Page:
Ramadan to begin Thursday as Saudi moon observers say no sight of crescent

Photo showing the Saudi Arabian moon sighting committee, Tuesday, May 15, Al-Baha.

:: Saudi Arabian moon observers said that there was no sight of the Ramadan crescent on Tuesday, meaning millions of Muslims around the world will begin the holy month on Thursday.

According to reports on Saudi Arabian state TV, bad weather made observation of the crescent difficult. The Kingdom and other Muslim nations, like Indonesia, declared Ramadan would not begin on Wednesday based on the observations by moon-sighting committees.

Muslims around the world are set to mark the month, during which believers abstain from eating, drinking and smoking from dawn until sunset.

Fasting is intended to bring Muslims closer to Allah and remind them of those less fortunate.

The Islamic world follows a lunar calendar, and the traditional moon-sighting methodology can lead to different countries declaring the start of Ramadan a day or two apart

This year, Ramadan falls on long summer days for Muslims in the Northern Hemisphere. For Muslims who live in regions where Islam is not the dominant religion, challenging fasts are believed to come with greater blessings.

Fasting during Ramadan is one of the five obligatory pillars of Islam, along with the Muslim declaration of faith, daily prayer, annual charity — known as “zakat” — and performing the Hajj pilgrimage in Makkah.

Ramadan and the role of the crescent moon

The Supreme Court has announced that due to the inability to witness the crescent moon on May 15, the month of Shaban will continue for a 30th day, and the first day of Ramadan will therefore be on Thursday.

As the holy month of Ramadan approaches, Muslims are preparing to abstain from food and drink during daylight hours, and to discipline their minds and spirits.

The start of Ramadan is determined by the lunar calendar which, unlike the Gregorian calendar, follows a 29- or 30-day cycle determined by the cycle of the moon. Muslims anticipate the end of Shaaban, the month preceding Ramadan, by watching for the absence or presence of the crescent moon, which respectively indicate the continuation of Shaban or beginning of Ramadan.

Sighting of the Ramadan crescent can be achieved by three methods: Through telescopes and binoculars; using astronomy; or viewing with the naked eye.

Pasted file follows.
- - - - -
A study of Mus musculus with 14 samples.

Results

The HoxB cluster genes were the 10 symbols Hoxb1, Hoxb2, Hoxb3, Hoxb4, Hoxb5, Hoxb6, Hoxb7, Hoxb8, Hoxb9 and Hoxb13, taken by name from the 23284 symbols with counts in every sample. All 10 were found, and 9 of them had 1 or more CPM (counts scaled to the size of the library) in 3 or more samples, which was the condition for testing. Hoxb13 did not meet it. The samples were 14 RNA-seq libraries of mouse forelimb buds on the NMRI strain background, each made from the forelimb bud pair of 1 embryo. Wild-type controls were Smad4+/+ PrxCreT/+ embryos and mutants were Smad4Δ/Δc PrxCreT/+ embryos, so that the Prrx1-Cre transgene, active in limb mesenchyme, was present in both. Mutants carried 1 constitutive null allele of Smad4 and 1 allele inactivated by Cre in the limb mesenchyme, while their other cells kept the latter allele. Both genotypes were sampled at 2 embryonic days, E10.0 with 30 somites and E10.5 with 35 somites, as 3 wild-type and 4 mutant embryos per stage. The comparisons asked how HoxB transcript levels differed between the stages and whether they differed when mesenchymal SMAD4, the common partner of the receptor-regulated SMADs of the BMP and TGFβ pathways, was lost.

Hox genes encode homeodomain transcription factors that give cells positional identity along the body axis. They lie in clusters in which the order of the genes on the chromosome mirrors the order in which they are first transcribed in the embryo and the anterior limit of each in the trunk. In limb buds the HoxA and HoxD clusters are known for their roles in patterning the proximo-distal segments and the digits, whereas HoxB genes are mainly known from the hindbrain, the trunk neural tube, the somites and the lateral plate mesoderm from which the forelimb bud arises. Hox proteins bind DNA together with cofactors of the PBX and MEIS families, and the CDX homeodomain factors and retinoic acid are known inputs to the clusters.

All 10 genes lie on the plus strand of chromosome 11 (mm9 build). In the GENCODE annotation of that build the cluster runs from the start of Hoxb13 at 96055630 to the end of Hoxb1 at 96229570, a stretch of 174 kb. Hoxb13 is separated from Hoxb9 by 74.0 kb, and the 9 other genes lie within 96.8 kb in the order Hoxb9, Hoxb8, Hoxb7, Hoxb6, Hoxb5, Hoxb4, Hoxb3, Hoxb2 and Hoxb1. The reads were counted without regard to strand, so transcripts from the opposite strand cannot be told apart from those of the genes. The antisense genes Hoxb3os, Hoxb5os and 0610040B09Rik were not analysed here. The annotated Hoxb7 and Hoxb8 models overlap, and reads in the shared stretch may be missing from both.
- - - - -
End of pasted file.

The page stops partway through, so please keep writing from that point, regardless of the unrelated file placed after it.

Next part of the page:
“Proving the beginning of Ramadan is not limited to crescent sighting,” said Sheikh Abdullah bin Sulaiman Al-Manea, a member of the Council of Senior Scholars in Saudi Arabia. “There are other ways and means to determine the first day of the month, including astronomy. Astronomy is, in fact, more accurate and more convincing than moon sighting, which is only hypothetical while astronomy is conclusive and definitive.”

He said the findings of Muslims who specialize in astronomy must be taken into account because it is a proven means for confirming the crescent. The testimony of a moon sighter should not be accepted if it contradicts the astronomers’ opinion.

The crescent-screening method takes place during the emergence of the crescent moon, when it is precisely aligned with the sun and the Earth. Once it has completed a full cycle around the Earth and started a new one, the moon’s crescent is evident before the month’s first sunset. When the sun disappears below the horizon, the crescent moon remains perched in the sky where the sun went down. It has to remain visible in the sky for at least 30 minutes after sunset.

The crescent moon cannot be seen with the naked eye until 15 hours have passed since the beginning of the cycle, and can only be seen through a telescope 12 hours after a new cycle begins.

A record was created by Stephen O’Meara in 1990, who witnessed the closest thing to a new moon — or youngest moon — with his naked eye. The young crescent appeared in the sky 15 hours and 32 minutes after the new moon.

Mohsen Mirsaeed surpassed that record in 2002, when he saw the crescent after 11 hours and 40 minutes of the new moon.

To see the crescent moon clearly, it should be viewed from a high vantage point, far from heavily populated and built-up areas, and from natural and man-made obstructions that could obscure the sighting, such as mountains, hills and skyscrapers. The area should also be clear of atmospheric factors such as humidity and dust.

Scholars and experienced astronomers are the only ones who can determine whether the crescent moon has arrived to dictate the beginning of the holy month. If they fail to witness the crescent moon on the 29th of the month, Ramadan will not start until after the 30th day of Shaaban.

“Astronomical calculations indicate that the month of Shaaban is a 30-day full month, which means that Thursday, May 17, will be the first day of Ramadan,” said Khalid Saleh Al-Zaaq, a member of the Arab Union for Astronomy and Space Sciences.

He said that Ramadan this year will be a 29-day month, with June 15 marking the first day of Eid.

Oman was the first country to declare that its Ramadan will begin on May 17, after no crescent was sighted on Tuesday, while Saudi Arabia, the UAE and Bahrain said they will begin fasting only once the crescent moon has been sighted and if it is not seen, they will wait until after the 30th day of Shaban.